The Capital Hotel, a landmark hotel in Little Rock (Pulaski County), situated near Arkansas's first state capitol building (now known as the Old State House), has been part of the city's history since 1872. Once the most luxurious hotel in the state, it often served as an unofficial political headquarters, where decisions, as well as political careers, were made. In 1974, the hotel was listed on the National Register of Historic Places.
Built near the river port, the Denckla Block, as it was first known, was built to house offices, shops, and gentlemen's apartments for businessmen. In the second half of the nineteenth century, after the end of the Civil War, Little Rock was a growing river port and rail station. There was already an upscale hotel on the river, the Metropolitan, so William P. Denckla, a wealthy New York railroad tycoon, saw a business opportunity in creating a place to nurture commerce in the capital city of the growing state. Denckla purchased the land on which to build from Arkansas Supreme Court justice George C. Watkins. In the spring of 1872, construction began. After Watkins's death in 1872, just as the building was nearing completion, Denckla sold the complex of stores, offices, and "bachelor quarters" back to the judge's heirs. It lay diagonally across from the Metropolitan Hotel and directly across from City Hall.
One of the historic Capital Hotel's most notable features is the prefabricated cast-iron façade that is part of the original construction (though it has been added to since). This architectural detail was built out of state – where is not known for certain – and shipped to Arkansas. The building was designed and constructed to accommodate the façade, which is not only decorative but a vital structural element as well.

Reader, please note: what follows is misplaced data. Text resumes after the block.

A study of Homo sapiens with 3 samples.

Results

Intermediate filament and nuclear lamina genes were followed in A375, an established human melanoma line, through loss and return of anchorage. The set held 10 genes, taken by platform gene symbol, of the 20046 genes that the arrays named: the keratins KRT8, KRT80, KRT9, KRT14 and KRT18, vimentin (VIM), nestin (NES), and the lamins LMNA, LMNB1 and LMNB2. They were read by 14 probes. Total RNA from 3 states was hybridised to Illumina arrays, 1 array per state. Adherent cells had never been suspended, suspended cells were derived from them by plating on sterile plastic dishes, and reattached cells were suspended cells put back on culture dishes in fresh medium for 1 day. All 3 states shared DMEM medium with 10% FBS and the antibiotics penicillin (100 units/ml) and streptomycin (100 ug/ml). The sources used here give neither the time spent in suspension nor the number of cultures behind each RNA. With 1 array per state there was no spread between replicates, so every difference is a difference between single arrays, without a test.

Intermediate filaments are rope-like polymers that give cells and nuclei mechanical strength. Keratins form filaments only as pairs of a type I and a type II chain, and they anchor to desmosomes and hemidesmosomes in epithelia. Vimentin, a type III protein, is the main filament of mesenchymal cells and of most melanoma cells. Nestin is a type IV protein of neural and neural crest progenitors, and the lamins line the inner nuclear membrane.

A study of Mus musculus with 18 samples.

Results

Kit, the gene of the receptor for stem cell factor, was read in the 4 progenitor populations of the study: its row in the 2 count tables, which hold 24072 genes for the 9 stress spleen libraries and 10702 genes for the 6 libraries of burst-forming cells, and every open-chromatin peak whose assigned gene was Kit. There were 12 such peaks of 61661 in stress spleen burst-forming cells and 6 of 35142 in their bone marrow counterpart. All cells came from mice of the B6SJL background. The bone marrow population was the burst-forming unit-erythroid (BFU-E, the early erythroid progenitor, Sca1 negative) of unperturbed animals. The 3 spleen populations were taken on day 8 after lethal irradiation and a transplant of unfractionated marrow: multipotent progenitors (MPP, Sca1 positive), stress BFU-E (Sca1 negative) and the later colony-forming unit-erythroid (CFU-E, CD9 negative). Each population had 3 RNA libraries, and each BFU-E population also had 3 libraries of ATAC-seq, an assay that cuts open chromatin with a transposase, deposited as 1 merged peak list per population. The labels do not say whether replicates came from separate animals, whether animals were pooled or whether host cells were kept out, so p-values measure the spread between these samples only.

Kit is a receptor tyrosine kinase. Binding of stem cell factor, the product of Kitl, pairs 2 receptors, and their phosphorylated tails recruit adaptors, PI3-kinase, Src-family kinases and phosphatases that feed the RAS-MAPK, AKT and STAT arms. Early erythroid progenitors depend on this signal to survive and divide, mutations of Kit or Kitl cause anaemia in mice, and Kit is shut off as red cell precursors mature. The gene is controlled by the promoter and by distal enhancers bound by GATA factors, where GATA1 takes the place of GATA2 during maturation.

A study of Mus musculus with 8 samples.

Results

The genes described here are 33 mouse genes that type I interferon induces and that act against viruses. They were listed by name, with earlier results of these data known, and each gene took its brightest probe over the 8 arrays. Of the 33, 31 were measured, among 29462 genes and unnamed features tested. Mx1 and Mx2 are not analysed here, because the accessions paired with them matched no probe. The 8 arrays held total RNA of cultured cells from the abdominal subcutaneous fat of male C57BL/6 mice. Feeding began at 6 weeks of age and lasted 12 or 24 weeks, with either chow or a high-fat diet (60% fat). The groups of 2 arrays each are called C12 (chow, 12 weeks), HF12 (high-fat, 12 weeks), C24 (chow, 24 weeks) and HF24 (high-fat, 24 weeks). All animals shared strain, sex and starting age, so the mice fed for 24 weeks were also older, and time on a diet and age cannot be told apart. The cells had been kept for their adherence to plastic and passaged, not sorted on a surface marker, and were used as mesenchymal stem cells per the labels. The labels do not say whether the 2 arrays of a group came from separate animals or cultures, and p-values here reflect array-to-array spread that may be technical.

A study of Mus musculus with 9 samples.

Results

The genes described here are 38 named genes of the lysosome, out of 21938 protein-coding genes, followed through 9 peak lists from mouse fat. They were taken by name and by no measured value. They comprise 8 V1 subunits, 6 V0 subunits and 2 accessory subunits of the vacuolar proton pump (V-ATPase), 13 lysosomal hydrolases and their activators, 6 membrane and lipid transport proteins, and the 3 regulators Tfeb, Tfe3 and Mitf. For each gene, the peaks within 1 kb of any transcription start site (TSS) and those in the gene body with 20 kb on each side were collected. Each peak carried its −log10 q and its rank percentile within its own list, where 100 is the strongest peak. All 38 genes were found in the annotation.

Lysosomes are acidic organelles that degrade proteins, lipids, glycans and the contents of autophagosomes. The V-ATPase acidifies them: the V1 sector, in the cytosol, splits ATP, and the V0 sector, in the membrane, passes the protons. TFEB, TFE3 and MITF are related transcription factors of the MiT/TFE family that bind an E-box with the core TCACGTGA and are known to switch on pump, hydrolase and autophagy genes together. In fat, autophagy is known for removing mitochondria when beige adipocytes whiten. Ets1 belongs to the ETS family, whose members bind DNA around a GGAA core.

Though not originally built as a hotel, the Denckla Block became one in 1877 after the Metropolitan Hotel, the city's only upscale hotel, burned on December 14, 1876. The manager of the Metropolitan, Colonel A. G. DeShon, along with Major John Adams, was instrumental in leasing the Denckla Block as a home for a new hotel, persuading its agents at the time of the need for a grand hotel in the capital city. The new hotel got its name from a Little Rock matron, Mrs. Morehead Wright. When asked by Adams and DeShon to suggest a name, Wright noted that it was a "capital enterprise located in a capital building" in the "capital of the state," which she hoped would be a "capital success." Hence, in January 1877, the historic Capital Hotel opened with a new, grand interior created to match its grand exterior. The landmark hotel in Little Rock hosted many political and historic personages, including President Ulysses S. Grant. In fact, legend says that the Capital's unusually large elevator was built to allow Grant to take his horse to his hotel room.
Over the next century, the hotel would change hands several times. It was closed, renovated, and reopened in 1908. For years, the historic Capital Hotel was the center of political activities, as well as social events. During the 1960s and 1970s, however, the entire downtown area of Little Rock declined, and the Capital Hotel fell into disuse and disrepair. In the early 1980s, architect Ed Cromwell, with a group of other investors, began the work of restoring the hotel to its original grandeur. The doors opened once again just before Christmas of 1983.